At the Afrikaans Boys' High School in Pretoria, a public high school for boys situated in the city affably known as Affies, a new ground level canteen and upstairs computer room were required. Architect, Riaan Visser from +27 Architects, was drafted in to create a design which would be a modern appendage to the school but still one which would pay homage to the historical buildings on site.

The new extension, on what was once a dusty open playground, can be seen as a mix of modern and classical design, so although the original buildings on the grounds are very traditional, the new addition represents the current school going generation. 

A stimulating cafeteria and a first floor learning centre make up the double-storey centre, named 1920 in honour of the year the school was founded. The cafeteria, where the boys eat during break, is a stylish, modern area with a television, photographs of the colourful history of the school and a black polished concrete floor interspersed with reclaimed parquet floor panels running at angles. The light fittings, specially made by a local artisan with a 1920's look, hang from scaffolding planks over the serving area, while two long refractory tables, made from Oregan pine, fit in perfectly with the style of the building.

Apart from being a practical space for dining, Visser created the area to be multifunctional and practical space for its learners, and it often doubles as a function area after hours for choir practice, socials and sports events. Upstairs you find a state-of-the-art learning centre, which acts as the reading and study area with an integrated library and computer. After hours, the building is used to host both internal and external events. The back of the building which faces the parking lot is notable for a custom designed concrete seating area, which the children use as a waiting zone after school.

The use of brick

While the new structure maintains elements of the 94-year-old buildings around it, Visser wanted to ensure that it still had a modern twist. "When I started working on the design I took inspiration from the English brick style in the original building, and also followed the initial design with the gables of the new centre."

Visser says that it isn't often that facebrick is used in his projects as it is perceived as an expensive material. "Yet the long-term low maintenance issues offset any additional cost," he notes. Contractor, Hansie du Toit from Van Rensburg Building Contractors was awarded the tender, for the job primarily because the company had previously demonstrated that they could lay facebricks. "They weren't  the cheapest, but we had seen their facebrick work and knew that we could rely on them to do the job right first time," says Visser. "It isn't easy to lay facebricks well, and the English bond work added to the complication." (The brickwork is laid in a header bond every fifth layer to match the original building). The selected facebrick from Corobrik was used as it was the closest match to the original red bricks used in the other buildings on the ground, and it complements the red corrugated iron roof.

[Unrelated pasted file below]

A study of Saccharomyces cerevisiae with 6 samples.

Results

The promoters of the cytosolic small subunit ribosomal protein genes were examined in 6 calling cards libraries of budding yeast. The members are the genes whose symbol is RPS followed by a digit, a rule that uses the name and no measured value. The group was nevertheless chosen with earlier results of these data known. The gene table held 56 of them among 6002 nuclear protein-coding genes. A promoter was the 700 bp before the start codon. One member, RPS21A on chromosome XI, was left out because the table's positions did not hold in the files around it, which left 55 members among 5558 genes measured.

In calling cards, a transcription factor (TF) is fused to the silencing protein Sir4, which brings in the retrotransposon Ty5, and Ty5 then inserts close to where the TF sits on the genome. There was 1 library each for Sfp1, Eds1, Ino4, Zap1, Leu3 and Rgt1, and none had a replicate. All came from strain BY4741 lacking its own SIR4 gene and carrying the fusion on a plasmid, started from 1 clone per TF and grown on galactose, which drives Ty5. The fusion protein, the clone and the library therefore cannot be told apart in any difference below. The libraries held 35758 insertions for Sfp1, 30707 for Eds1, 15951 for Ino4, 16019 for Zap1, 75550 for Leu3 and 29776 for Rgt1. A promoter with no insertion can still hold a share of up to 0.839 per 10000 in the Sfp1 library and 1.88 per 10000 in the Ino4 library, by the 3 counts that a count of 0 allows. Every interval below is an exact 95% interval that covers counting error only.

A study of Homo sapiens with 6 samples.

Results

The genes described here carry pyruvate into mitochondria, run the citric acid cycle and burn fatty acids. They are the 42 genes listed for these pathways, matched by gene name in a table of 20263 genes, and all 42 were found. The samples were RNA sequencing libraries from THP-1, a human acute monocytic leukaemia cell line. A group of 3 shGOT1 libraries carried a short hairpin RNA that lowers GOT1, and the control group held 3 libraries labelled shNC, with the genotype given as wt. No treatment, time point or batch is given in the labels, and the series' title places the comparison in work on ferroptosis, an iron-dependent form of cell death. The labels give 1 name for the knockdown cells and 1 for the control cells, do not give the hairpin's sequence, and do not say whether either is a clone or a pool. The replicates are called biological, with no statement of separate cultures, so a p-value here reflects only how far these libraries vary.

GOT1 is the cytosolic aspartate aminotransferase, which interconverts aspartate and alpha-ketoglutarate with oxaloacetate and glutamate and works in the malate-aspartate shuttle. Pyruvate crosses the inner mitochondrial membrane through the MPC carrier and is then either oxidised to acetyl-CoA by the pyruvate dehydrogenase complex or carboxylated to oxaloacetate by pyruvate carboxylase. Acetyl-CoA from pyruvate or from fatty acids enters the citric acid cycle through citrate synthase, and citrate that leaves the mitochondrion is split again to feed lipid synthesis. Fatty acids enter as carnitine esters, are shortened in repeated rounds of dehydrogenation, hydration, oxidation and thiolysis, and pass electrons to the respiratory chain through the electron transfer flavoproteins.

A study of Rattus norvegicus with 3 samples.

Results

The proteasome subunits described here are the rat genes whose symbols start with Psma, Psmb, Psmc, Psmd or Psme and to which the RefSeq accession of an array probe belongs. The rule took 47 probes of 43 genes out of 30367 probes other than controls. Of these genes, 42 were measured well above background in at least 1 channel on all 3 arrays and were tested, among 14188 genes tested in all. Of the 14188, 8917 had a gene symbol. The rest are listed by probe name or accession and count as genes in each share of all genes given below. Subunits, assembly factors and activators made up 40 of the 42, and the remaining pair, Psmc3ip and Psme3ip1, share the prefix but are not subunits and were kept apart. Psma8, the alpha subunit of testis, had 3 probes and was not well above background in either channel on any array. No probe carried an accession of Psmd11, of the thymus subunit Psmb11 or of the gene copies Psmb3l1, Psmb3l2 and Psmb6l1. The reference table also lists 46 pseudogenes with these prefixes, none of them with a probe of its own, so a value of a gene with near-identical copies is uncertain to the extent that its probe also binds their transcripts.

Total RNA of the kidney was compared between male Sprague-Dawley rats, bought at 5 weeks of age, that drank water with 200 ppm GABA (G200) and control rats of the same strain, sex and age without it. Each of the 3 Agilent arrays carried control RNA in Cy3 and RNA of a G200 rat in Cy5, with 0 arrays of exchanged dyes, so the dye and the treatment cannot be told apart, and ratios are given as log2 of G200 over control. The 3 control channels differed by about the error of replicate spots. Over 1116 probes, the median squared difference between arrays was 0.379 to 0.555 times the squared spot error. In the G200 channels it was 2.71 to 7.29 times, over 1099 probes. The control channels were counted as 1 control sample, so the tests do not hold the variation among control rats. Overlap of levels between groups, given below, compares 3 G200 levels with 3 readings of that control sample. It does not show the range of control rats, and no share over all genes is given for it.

Galvanised aluminium sun screens have been positioned to shade the dark aluminium windows of the cafeteria in summer while planter boxes soften the area. The boundary walls were constructed with pillars and wrought iron in the facebrick, while vertical breaks in the wall offer openings to add interest and glimpses of the outside through the walls. 

"I was delighted with the quality of the work that the contractor delivered and am very proud of what we delivered," he says. Current principal of Affies, Pierre Edwards, said in a previous interview that it was important that the building didn't stand out from the original structures. "The architectural team did a great job in blending it in with what already existed. It's completely authentic and looks as if it's  been here all along, which is exactly what we wanted." 1920 does what Visser set out to do with the building - bridge the gap between the old and the new, but also deliver a contemporary, functional building that has its own merits. 

While the new structure maintains elements of the 94-year-old buildings around it, Visser wanted to ensure that it still had a modern twist. One such twist is the custom designed concrete seating area, which the children use as a waiting zone after school. The brickwork is laid in a header bond every fifth layer to match the original building.

Pictured above:

The selected facebrick was used as it was the closest match to the original red bricks used in the other buildings on the grounds. The new extension can be seen as a mix of modern and classical design, which represents the current school going generation.